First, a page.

A FORMER teacher has voiced doubts about scores of Stockton youngsters being educated from home. 

Many parents had to get to grips with virtual lessons during the pandemic – and tried their hand at helping out in lockdowns. 

About 180 youngsters in the borough are now electively home educated out of a total of around 30,000.

Former primary school teacher Barbara Inman was concerned about the quality of education they were getting at the latest Stockton children and young people select committee. 

The member for Roseworth said: “There is no way I would want to home-school. The amount of stuff you have to go through. 

“Those children who are home-schooled can’t possibly be getting the same as they would get if they were in a school situation.”

A community of home educators has taught children from home for many years in Stockton, and a past review by the select committee uncovered a big rise in the number of youngsters being home-schooled.

Stockton children’s services director Martin Gray said there were people home educating who were very skilled in what they were doing.

“It’s an option and a choice but I agree with you in the main – you can’t replicate the structure and the quality,” he added. “The vast majority of our schools – 93 per cent – are good or outstanding.”

Cllr Inman said: “It’s the social mixing with other children which is very important.” 

Roseworth Cllr Barbara Inman, Labour member on Stockton Council

Roseworth Cllr Barbara Inman, Labour member on Stockton Council

Parents have a right to educate their children from home. However, councils can serve notices if they don’t believe the education they’re receiving is suitable. They can also use their safeguarding powers.

Panel chairwoman, Cllr Carol Clark, said there were people who “did a fantastic job” home educating – but feared there were others who didn’t.

She added: “My worry is the children who aren’t being taught what they should be – and how difficult it is to intervene. What do we do?”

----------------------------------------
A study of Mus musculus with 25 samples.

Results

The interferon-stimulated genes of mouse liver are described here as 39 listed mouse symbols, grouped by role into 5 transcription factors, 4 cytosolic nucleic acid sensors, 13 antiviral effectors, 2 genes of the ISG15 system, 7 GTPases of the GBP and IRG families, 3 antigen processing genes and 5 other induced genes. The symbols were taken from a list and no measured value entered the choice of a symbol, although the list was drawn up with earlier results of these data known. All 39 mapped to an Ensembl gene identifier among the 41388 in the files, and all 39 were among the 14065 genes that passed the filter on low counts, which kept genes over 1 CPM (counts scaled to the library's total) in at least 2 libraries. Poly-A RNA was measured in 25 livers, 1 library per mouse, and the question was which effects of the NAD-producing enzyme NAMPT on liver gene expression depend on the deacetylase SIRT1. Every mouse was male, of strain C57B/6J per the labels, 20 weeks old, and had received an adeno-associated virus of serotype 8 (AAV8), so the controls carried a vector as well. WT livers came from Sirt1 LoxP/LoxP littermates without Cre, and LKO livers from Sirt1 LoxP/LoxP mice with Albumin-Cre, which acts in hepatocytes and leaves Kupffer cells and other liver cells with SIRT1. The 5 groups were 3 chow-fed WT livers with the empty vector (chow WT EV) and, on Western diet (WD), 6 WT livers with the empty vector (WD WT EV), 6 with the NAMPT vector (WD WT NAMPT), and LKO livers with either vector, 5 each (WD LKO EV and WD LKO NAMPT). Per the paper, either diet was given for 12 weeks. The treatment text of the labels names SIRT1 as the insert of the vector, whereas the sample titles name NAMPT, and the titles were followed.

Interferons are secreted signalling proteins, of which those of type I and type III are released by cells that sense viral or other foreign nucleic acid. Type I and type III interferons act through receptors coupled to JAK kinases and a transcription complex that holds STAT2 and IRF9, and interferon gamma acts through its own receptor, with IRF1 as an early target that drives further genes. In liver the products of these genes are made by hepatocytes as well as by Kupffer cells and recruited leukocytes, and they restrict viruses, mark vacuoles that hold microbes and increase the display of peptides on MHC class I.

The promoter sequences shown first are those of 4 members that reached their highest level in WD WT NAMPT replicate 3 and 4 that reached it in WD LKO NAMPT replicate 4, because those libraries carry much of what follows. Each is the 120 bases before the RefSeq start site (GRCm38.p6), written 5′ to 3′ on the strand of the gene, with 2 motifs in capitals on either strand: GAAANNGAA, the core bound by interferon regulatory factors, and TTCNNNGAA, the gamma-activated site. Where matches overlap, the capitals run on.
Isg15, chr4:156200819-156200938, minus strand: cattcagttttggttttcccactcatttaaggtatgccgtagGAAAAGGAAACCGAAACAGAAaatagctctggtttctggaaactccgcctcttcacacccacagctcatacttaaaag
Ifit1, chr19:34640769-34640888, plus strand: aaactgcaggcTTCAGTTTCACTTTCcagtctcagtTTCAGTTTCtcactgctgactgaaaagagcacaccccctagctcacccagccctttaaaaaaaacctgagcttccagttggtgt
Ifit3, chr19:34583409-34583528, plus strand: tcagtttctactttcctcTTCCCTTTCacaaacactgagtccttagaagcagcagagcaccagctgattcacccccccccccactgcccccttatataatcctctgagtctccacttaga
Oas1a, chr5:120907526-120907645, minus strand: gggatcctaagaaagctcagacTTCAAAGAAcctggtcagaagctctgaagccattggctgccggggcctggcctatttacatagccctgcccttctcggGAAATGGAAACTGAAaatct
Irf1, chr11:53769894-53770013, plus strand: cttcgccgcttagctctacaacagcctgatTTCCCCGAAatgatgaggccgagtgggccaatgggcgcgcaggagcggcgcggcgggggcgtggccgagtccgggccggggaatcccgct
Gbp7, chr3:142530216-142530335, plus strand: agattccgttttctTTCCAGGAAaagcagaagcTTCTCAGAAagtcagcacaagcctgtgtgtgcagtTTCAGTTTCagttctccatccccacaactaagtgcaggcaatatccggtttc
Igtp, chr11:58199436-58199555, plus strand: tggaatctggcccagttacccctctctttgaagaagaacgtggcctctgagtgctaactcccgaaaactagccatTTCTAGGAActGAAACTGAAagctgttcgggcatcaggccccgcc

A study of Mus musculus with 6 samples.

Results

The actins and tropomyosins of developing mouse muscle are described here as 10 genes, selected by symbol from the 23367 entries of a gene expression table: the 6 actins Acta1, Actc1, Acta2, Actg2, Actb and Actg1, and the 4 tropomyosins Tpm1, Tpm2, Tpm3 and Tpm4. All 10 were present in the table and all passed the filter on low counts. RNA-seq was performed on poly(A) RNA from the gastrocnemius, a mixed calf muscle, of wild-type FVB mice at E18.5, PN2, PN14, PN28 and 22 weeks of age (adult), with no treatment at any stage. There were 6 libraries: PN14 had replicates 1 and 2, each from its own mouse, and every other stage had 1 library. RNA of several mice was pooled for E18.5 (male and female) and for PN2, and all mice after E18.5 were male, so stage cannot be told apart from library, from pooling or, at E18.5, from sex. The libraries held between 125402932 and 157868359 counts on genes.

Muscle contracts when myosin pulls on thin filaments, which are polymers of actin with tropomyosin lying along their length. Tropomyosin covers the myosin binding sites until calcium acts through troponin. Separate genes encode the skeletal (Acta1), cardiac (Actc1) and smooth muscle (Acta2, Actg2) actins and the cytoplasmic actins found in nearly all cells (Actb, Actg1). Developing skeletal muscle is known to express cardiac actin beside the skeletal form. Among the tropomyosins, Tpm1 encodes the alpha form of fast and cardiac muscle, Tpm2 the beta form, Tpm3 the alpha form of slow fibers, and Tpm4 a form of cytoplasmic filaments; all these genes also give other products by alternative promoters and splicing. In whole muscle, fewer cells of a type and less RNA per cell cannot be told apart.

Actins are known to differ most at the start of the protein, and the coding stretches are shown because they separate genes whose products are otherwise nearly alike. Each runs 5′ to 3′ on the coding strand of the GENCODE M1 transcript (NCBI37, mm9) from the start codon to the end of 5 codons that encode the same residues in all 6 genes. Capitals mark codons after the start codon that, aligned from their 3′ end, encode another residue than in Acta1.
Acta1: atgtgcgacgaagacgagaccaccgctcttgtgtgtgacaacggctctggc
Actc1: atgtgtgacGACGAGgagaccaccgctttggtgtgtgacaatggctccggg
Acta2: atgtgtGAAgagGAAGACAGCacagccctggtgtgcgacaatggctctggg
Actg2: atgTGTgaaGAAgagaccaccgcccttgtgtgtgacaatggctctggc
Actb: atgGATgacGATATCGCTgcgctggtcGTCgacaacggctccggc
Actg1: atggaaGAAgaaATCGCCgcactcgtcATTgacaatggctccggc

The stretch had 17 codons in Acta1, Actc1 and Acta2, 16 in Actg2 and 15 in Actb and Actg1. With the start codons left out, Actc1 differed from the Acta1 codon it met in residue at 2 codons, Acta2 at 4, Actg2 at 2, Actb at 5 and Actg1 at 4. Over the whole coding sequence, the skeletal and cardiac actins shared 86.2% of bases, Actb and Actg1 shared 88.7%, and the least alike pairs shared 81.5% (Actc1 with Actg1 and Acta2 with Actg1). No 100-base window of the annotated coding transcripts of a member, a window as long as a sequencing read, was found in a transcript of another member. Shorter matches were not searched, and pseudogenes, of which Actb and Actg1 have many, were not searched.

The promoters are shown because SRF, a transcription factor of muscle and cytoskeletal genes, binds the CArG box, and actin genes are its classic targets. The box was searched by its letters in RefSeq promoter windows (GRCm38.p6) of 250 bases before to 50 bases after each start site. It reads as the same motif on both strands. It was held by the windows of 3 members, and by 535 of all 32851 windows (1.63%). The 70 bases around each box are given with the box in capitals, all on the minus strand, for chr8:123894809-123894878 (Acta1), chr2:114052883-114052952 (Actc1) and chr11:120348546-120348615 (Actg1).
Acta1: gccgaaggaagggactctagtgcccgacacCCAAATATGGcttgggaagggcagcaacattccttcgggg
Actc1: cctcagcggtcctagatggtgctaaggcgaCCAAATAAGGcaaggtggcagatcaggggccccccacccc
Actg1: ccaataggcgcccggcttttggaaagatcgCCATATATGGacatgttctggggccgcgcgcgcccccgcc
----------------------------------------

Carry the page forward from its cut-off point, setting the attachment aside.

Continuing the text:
Government guidance states home education does not need to refer to the national curriculum – and there is no requirement for children to be entered for public exams. 

Dissatisfaction with the school system, short term interventions and special educational needs not being met within the school system can be factors for people considering home education. 

Mr Gray told the panel the number of youngsters home educated had gone up after Covid lockdowns – but not by as much as some had forecast. 

He added: “There was a spike and then a gradual return of children coming back into schools. The reality about the fact they’re not getting the lesson provision, and all the stuff they’re getting from the school, makes it much more difficult.

“That’s a bit of a national trend but it’s not something which has been significant.”

Mr Gray sought to ease concerns about any particular problem in Stockton borough. 

“We’ve got 30,000 children of school age – and we’ve got about 180 elective home educated,” he added. “I’m not dismissing it as an issue, but I wouldn’t want you to feel the scale of it is so significant. It’s an option many people take for lots of different reasons."